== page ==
Last updated: 12:12 PM ET, Fri March 25 2016

US State Department Issues Travel Alert Following Brussels Attacks

Impacting Travel Donald Wood March 23, 2016

US State Department Issues Travel Alert Following Brussels Attacks


In addition, authorities in Europe have announced that Brussels Airport will remain closed through at least Wednesday afternoon as emergency crews and police continue to investigate, according to

The State Department released the following travel alert via its official website:

“Terrorist groups continue to plan near-term attacks throughout Europe, targeting sporting events, tourist sites, restaurants, and transportation.  This Travel Alert expires on June 20, 2016. U.S. citizens should exercise vigilance when in public places or using mass transportation. Be aware of immediate surroundings and avoid crowded places. Exercise particular caution during religious holidays and at large festivals or events.”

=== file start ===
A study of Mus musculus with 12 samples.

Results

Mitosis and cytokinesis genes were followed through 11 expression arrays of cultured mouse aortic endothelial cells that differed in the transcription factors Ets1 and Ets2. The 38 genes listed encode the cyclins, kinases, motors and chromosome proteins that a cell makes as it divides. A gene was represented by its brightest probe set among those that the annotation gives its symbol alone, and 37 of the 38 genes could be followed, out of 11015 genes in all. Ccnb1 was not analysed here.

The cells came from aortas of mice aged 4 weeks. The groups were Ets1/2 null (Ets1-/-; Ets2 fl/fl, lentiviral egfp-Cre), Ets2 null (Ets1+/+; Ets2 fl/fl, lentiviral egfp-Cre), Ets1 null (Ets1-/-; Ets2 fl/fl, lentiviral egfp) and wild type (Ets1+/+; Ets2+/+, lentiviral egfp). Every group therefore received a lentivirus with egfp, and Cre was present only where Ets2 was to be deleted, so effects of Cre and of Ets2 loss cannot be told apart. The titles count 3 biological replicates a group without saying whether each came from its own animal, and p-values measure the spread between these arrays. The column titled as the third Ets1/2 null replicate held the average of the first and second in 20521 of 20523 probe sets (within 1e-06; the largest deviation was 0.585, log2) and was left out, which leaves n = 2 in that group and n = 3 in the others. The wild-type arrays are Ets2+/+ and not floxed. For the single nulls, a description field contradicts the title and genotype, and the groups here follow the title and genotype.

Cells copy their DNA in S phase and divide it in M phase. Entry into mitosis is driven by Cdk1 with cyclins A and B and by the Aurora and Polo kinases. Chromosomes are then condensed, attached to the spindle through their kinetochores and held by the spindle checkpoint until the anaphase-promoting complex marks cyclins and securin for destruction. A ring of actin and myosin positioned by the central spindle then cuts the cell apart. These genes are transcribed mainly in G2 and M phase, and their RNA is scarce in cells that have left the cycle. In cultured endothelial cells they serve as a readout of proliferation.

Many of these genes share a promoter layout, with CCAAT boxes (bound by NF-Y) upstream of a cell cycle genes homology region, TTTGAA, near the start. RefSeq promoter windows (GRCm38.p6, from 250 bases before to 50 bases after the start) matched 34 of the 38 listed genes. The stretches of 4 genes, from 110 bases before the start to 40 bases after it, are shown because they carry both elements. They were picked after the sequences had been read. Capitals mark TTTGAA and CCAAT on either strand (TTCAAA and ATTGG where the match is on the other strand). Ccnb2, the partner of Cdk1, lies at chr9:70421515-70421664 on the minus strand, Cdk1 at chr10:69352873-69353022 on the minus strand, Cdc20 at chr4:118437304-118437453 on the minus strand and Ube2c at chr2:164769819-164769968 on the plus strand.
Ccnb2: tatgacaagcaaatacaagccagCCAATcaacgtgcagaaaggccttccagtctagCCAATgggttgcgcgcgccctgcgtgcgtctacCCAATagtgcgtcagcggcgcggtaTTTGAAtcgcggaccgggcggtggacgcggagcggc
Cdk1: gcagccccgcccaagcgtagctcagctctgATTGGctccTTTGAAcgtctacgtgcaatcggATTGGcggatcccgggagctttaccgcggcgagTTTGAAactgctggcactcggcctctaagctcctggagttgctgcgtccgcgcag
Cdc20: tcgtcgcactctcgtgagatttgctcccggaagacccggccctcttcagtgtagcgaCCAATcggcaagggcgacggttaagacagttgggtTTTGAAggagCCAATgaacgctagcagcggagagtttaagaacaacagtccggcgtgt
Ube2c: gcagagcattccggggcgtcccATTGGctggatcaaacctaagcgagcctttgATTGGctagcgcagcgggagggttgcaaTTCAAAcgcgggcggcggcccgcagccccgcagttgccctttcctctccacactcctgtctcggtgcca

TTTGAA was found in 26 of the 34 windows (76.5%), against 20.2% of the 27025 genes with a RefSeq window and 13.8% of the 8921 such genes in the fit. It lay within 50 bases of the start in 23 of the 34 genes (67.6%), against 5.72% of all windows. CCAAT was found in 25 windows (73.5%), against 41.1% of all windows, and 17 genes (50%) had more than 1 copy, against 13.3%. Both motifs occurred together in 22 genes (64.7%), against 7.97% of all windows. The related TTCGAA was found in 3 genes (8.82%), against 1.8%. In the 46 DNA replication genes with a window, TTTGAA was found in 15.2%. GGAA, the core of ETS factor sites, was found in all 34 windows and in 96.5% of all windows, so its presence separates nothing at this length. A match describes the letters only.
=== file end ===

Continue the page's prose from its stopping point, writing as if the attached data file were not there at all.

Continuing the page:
READ MORE: Terror in Brussels: Travel Agents React

Eurostar trains to Brussels have also been cancelled, as Europe continues to boost security.

For travelers who had scheduled trips to Brussels, airlines in the United States and around the world will be waiving fees for passengers who want to rebook flights following the attacks in Belgium, according to USA Today.

The terrorist attacks in Brussels and across Europe are also impacting the travel industry, as several companies are reporting lower bookings for the summer. Travel firm Thomas Cook told that only 40 percent of the summer season has been sold, and airfare prediction app Hopper also stated that bookings to France have dropped eight-to-10 percent from 2015.

Officials from Hopper also reported that overall interest in Europe as a travel destination is down about 13 percent as compared to last year, due in part to a series of terrorist attacks and the migrant crisis.